When the Dow plummeted 279 points on April 17 and the Tocqueville Opportunity Fund (TOPPX) lost 1.63%, its portfolio manager, Thomas Vandeventer, didn’t flinch.
“The market tends to overreact sometimes,” says Vandeventer. “Because we’re longer term investors we can take advantage of that volatility.”
He will often buy stocks on those big down days, adding to positions the fund already has or establishing new ones.
It’s part of an overall bottom-up diversified strategy that’s been working for the fund. The Tocqueville Opportunity Fund is one of a select group of actively managed funds that has been consistently beating the market over time. Year to date, it’s up 11.3%, compared with 7.4% for the Russell 2500 growth index (R25IG) that it tracks and 1% for the S&P 500. Morningstar ranks Tocqueville Opportunity Fund the number one mid-cap growth fund year-to-date and for one year.
Vandeventer categorizes the fund as” smid-cap”—a combination of small- and mid-cap. “We’re not mid-cap or small-cap,” says Vandeventer. “We’ve got feet in both markets and we’re a beneficiary of that.”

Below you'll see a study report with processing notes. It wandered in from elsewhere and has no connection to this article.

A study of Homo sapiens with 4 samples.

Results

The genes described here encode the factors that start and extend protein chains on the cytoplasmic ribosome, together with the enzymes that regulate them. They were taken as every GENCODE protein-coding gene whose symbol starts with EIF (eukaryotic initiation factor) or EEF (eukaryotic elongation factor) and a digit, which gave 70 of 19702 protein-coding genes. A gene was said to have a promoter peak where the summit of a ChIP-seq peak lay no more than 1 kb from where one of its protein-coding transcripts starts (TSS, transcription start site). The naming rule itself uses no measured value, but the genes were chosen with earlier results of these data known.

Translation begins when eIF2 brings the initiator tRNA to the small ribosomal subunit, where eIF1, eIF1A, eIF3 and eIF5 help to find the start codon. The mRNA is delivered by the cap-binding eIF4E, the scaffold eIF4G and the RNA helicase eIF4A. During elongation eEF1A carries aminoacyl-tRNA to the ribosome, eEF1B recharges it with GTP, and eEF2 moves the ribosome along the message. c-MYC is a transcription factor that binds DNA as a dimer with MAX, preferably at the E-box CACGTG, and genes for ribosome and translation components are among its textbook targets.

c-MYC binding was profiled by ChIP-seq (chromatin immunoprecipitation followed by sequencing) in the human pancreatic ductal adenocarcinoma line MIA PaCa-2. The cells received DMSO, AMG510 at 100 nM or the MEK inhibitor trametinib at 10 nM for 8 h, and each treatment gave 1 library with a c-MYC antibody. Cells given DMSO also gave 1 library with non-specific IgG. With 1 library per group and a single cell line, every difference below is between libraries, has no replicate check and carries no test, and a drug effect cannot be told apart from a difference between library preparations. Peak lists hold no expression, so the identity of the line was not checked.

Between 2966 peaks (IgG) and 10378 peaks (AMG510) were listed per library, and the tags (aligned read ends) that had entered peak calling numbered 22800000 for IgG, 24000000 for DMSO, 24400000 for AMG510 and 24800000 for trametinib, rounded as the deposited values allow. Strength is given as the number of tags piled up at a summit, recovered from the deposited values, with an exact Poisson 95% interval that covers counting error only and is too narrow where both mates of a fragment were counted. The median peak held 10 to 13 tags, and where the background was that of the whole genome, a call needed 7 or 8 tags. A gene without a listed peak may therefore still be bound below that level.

Lately the fund has been a beneficiary of big takeovers in health care and technology — the two sectors it’s been favoring. “Already this year eight to nine percent of our portfolio has been taken over for cash,” says Vandeventer. Among those holdings acquired this year are Concur Technologies, bought by SAP (SAP); NPS Pharmaceutical purchased by Shire (SHPG); and Cubist, acquired by Merck (MRK). An acquisition of Pharmacyclics (PCYC) by AbbVie (ABBV) is not yet finalized.
Five of the fund’s top 10 holdings are in health care — primarily biotech; three are technology companies. “There’s a real revolution attributed to genetic science … attacking diseases on a very targeted basis,” says Vandeventer.
The $102 million fund with a 1.3% expense ratio owns larger biotech companies, like Regeneron Pharmaceuticals (REGN), and smaller companies, like Alnylam Pharmaceuticals (ALNY). “A lot of people haven’t heard of these [smaller] companies,” says Vandeventer. But he follows them from early trials to drug development, watching to see if they hit certain milestones, and then expands his commitment if they do.
Like a pawn that can win the chess game by steadily moving across the board to the other side, becoming a queen, these companies can “creep along,” says Vandeventer. “You have to pay attention to them.”
On the tech side Vandeventer favors software companies that “lower the total cost of ownership,” such as ServiceNow (NOW), which uses the cloud to help automate workflow and streamline everyday work processes for companies.